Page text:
18 February 2013

Orange and Almond Cake

I hate marmalade. Can't stand the stuff. It's a shame because it looks so pretty, like little citrusey glistening globules. But it's so bitter! So it's a bit of a surprise that I like this cake, which is actually called a Marmalade Cake. But I decided to re-christened it so not to scare myself off, or anyone that suffers the same condition as me.





















Everyone should try and bake this cake. It is so dense because of the almonds, and it is not too sweet which makes it perfect for an afternoon tea snack, OR with a layer of buttercream on top for a fabulous pudding... divine! The best thing about this cake is that it tastes even better after a couple of days as it stays moist and the orangey flavour develops with time. The Paddington Bear would give this cake a thumbs up.

To make it you'll need:

1 orange (unwaxed)
1 lemon (unwaxed)
4 eggs
1/2 teaspoon of salt
300g caster sugar
125ml sunflower oil
150g ground almonds
150g flour
1 tablespoon baking powder

Place the orange and lemon in a little saucepan, cover with water and boil for 30 minutes. Then take them out, let them to cool a little and cut them both in half. Scoop the flesh out of the lemon as it would be too bitter to keep it and remove any pips from the orange.




















Blend the orange and lemon rind into a coarse purée (of finer if you prefer but I quite liked little specks of juicy citruses in the cake).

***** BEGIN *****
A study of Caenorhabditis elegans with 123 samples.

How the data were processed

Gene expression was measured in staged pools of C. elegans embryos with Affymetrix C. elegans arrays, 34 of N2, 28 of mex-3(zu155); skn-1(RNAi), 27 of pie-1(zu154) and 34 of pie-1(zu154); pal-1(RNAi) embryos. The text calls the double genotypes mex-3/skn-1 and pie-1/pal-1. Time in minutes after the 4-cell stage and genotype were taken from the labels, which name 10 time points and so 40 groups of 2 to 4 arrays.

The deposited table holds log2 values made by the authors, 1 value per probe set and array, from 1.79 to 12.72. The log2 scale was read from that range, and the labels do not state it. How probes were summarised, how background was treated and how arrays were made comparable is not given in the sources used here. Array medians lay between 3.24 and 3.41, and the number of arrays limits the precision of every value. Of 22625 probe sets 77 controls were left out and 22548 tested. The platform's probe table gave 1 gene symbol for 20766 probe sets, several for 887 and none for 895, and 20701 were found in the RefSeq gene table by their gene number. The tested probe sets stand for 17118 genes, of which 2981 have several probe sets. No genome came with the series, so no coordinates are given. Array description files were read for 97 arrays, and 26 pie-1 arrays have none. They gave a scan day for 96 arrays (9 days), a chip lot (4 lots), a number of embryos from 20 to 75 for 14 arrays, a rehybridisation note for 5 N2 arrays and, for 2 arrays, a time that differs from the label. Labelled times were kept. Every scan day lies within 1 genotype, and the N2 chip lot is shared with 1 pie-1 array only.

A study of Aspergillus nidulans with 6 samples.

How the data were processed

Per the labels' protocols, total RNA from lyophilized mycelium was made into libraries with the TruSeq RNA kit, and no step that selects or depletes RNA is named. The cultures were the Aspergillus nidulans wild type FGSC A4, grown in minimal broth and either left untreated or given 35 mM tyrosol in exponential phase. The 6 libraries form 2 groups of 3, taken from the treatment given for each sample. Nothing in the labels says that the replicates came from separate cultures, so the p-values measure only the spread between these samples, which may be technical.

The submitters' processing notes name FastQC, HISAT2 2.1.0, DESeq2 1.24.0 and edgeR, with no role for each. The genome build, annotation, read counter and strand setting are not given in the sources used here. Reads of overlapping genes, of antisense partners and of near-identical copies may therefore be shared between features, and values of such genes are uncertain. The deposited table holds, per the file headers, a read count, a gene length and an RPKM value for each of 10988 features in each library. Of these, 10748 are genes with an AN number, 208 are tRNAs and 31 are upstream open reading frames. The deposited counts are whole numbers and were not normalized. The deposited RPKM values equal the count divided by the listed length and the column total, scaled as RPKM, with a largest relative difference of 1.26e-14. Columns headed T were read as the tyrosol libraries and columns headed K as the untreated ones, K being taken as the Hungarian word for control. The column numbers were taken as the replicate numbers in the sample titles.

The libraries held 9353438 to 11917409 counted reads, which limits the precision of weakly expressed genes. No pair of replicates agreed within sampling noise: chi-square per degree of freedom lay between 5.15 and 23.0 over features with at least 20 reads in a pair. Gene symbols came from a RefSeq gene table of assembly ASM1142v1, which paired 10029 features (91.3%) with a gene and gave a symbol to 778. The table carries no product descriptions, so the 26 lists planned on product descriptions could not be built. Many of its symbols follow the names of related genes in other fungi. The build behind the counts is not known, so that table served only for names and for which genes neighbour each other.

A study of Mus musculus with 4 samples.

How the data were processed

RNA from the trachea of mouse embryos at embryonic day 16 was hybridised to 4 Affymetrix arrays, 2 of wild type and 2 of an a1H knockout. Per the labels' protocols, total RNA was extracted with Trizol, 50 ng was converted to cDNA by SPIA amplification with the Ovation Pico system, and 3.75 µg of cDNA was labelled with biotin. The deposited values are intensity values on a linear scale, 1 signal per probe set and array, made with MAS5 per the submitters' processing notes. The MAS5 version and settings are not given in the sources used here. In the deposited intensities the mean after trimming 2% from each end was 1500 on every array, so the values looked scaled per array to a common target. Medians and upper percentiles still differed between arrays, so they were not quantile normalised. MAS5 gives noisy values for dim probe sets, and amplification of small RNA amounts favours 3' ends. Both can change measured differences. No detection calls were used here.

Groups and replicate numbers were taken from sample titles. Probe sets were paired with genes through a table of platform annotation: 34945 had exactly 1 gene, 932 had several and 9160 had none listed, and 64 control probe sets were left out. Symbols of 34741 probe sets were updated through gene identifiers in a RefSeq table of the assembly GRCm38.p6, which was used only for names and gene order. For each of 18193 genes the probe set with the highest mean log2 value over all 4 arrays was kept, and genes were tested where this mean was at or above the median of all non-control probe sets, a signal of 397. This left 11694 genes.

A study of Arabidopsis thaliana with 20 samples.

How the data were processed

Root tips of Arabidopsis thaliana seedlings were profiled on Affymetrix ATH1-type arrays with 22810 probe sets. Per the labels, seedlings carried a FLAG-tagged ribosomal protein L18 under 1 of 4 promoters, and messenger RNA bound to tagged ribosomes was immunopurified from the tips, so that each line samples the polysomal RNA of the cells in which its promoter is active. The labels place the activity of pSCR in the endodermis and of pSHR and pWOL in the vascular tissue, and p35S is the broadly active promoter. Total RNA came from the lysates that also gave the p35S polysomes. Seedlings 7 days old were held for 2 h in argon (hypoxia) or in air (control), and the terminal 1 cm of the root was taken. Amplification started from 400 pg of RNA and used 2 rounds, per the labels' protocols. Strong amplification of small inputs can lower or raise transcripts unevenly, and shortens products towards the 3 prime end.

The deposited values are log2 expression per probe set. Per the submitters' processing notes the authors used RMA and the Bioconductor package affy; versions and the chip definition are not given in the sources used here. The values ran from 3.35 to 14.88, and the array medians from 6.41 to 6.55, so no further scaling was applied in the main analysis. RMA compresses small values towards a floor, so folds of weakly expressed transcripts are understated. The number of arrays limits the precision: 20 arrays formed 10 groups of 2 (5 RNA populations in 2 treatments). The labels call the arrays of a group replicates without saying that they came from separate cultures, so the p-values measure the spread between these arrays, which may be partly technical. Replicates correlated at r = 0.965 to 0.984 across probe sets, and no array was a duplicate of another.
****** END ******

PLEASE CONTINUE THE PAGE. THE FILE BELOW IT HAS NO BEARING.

Preheat your oven to 180˚C/350˚F. Grease and line a 23 cm spring form tin with parchment paper.

In a mixing bowl, whisk the eggs and salt together until airy and frothy. Slowly whisk in the sugar, and then the oil. Then fold in the orange and lemon rind purée, followed by the almonds, flour and baking powder. Don't over mix. Your mixture will be quite bubbly.




















Spoon the mixture into the prepared tin and bake for about an hour or until a toothpick inserted in the cake comes out clean.




















Let the cake cool a little and take out of the tin. Dust generously with about a tablespoon of sifted powdered sugar.

Then cut into it and serve yourself a big slice.